The rewrite Martin is proposing is, as his own office said in its announce-ment "notably more conservative in approach" than the sweeping cross-ownership rule change it proposed in 2003. That rule change was overturned by an appeals court that nevertheless endorsed the general idea that newspapers could own broadcast in their markets. Martin's rule would allow dailies only in the top 20 Nielsen Designated Market Areas (DMAs), and would allow a paper to own either one TV station or one radio station.
The drive by media activists to preserve local news diversity apparently had some impact on the extent of the proposed changes, as newspapers would have to show that also owning a broadcast outlet would "increase the amount of local news in the market." As a result, the Newspaper Association of America (NAA) expressed disappointment at the "extremely limited" change to what it called "the onerous, decades-old" cross-ownership ban. Small-market publishers also cricitized the limited extent of the change. Martin claimed in a New York Times op-ed piece on Tuesday that the financial viability of the newspaper industry is at stake. "If we don't act to improve the health of the newspaper industry, we will see newspapers wither and die," Martin wrote. "Without newspapers, we would be less informed about our communities and have fewer outlets for the expression of independent thinking and a diversity of viewpoints."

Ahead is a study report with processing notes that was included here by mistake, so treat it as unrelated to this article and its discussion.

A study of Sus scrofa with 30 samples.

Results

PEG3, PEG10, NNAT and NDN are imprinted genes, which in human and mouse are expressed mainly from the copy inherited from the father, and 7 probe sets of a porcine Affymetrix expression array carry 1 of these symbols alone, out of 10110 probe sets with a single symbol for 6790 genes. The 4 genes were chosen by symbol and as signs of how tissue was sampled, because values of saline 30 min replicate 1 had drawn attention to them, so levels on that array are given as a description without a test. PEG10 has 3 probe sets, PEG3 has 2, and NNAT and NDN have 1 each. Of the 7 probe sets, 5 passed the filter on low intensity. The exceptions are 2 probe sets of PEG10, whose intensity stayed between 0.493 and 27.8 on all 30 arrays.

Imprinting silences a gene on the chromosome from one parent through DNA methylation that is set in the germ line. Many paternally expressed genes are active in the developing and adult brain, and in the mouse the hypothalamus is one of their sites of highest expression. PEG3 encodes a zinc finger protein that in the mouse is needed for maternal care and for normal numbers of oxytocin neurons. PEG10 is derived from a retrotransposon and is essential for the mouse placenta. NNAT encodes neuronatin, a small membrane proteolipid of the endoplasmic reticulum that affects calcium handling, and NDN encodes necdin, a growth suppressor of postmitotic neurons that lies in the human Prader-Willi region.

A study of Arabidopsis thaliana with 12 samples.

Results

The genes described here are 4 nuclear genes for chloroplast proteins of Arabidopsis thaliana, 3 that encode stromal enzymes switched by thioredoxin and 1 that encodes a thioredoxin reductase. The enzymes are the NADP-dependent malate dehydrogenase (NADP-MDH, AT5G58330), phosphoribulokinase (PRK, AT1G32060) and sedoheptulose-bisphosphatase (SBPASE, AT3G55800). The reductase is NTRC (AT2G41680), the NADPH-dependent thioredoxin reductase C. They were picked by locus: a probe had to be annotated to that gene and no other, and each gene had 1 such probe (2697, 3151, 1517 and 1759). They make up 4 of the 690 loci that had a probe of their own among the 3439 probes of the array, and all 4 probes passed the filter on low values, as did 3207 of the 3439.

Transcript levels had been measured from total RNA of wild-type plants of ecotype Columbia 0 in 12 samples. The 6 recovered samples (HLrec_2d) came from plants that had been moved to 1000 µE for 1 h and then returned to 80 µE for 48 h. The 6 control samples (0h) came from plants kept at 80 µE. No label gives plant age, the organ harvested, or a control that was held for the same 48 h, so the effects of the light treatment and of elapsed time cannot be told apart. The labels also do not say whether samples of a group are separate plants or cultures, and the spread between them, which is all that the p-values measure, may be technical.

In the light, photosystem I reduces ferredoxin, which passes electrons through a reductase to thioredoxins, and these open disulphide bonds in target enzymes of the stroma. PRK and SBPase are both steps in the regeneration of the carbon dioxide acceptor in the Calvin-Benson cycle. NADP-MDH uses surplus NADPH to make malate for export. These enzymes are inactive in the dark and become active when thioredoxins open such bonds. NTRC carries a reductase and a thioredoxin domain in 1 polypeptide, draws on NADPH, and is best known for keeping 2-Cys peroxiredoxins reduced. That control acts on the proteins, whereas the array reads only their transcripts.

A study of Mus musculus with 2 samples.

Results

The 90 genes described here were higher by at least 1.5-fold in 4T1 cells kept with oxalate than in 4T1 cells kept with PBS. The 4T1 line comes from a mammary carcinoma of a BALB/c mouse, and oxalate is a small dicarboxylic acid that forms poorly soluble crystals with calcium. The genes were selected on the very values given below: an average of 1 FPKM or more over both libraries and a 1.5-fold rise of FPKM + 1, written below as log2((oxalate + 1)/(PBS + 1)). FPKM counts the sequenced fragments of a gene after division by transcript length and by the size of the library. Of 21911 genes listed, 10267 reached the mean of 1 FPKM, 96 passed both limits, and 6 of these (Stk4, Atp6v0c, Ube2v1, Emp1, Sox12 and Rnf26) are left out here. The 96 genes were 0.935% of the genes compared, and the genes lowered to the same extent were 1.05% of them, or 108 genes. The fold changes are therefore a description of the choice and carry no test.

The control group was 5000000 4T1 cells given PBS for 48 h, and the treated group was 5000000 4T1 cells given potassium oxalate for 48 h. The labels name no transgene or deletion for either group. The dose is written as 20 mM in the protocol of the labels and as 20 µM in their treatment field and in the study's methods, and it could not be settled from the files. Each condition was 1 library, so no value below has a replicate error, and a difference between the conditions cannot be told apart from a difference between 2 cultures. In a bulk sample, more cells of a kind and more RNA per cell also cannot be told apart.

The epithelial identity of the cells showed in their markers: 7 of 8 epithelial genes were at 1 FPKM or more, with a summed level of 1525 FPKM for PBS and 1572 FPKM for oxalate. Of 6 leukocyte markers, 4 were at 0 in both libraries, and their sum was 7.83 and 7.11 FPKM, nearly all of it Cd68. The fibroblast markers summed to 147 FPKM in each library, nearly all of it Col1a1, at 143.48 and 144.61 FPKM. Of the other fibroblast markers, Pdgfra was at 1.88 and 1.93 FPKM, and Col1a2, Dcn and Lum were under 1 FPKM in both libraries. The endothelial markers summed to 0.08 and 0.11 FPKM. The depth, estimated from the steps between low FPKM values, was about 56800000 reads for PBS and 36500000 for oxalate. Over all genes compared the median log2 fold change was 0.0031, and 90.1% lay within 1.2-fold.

In that case, noted small-town publisher Sidney H. "Skip" Bliss of the 21,000-circulation Janesville, Wisc. Gazette, only dailies in the largest U.S. cities will see any relief. "To say that, and then to backtrack and say, well, there's only 20 newspapers that would see this relief when he seems to be talking about the whole newspaper business, well, it's really hard to understand."
Senator Byron Dorgan (D-ND), vowed to continue his plan to block the changes, claiming Martin's proposed relaxation of the rules is based on a faulty assumption. "He has yet to make the case for why any further media consolidation is necessary,"said Dorgan."Indeed, he is relying on an assumption that newspapers are doomed and that cross-ownership is necessary to save them. I believe this is not the case."
The targeted nature of the proposal further bolsters suspicions that it is intended to smooth the sale of the Chicago Tribune chain, which since buying up the Los Angeles Times chain has held waivers for several cross-ownerships nation-wide. Tribune has been granted temporary waivers pending the FCC's review of ther rules, but needs an answer by year's end. Martin's bid to ram through the change carries a Dec. 18 end date, which dovetails nicely with the Tribune sale, noted Radio Online.
In May, fourteen lawmakers from Illinois asked Martin to end the cross-ownership ban, so that Tribune could move forward with its bid to go private. The group, including Sen. Richard Durbin (D-IL) and House Reps. Rahm Emanuel (IL-5) and Dennis Hastert (R-IL), encouraged the FCC to act on Sam Zell's $8.2 billion bid "expeditiously and to avoid administrative delay."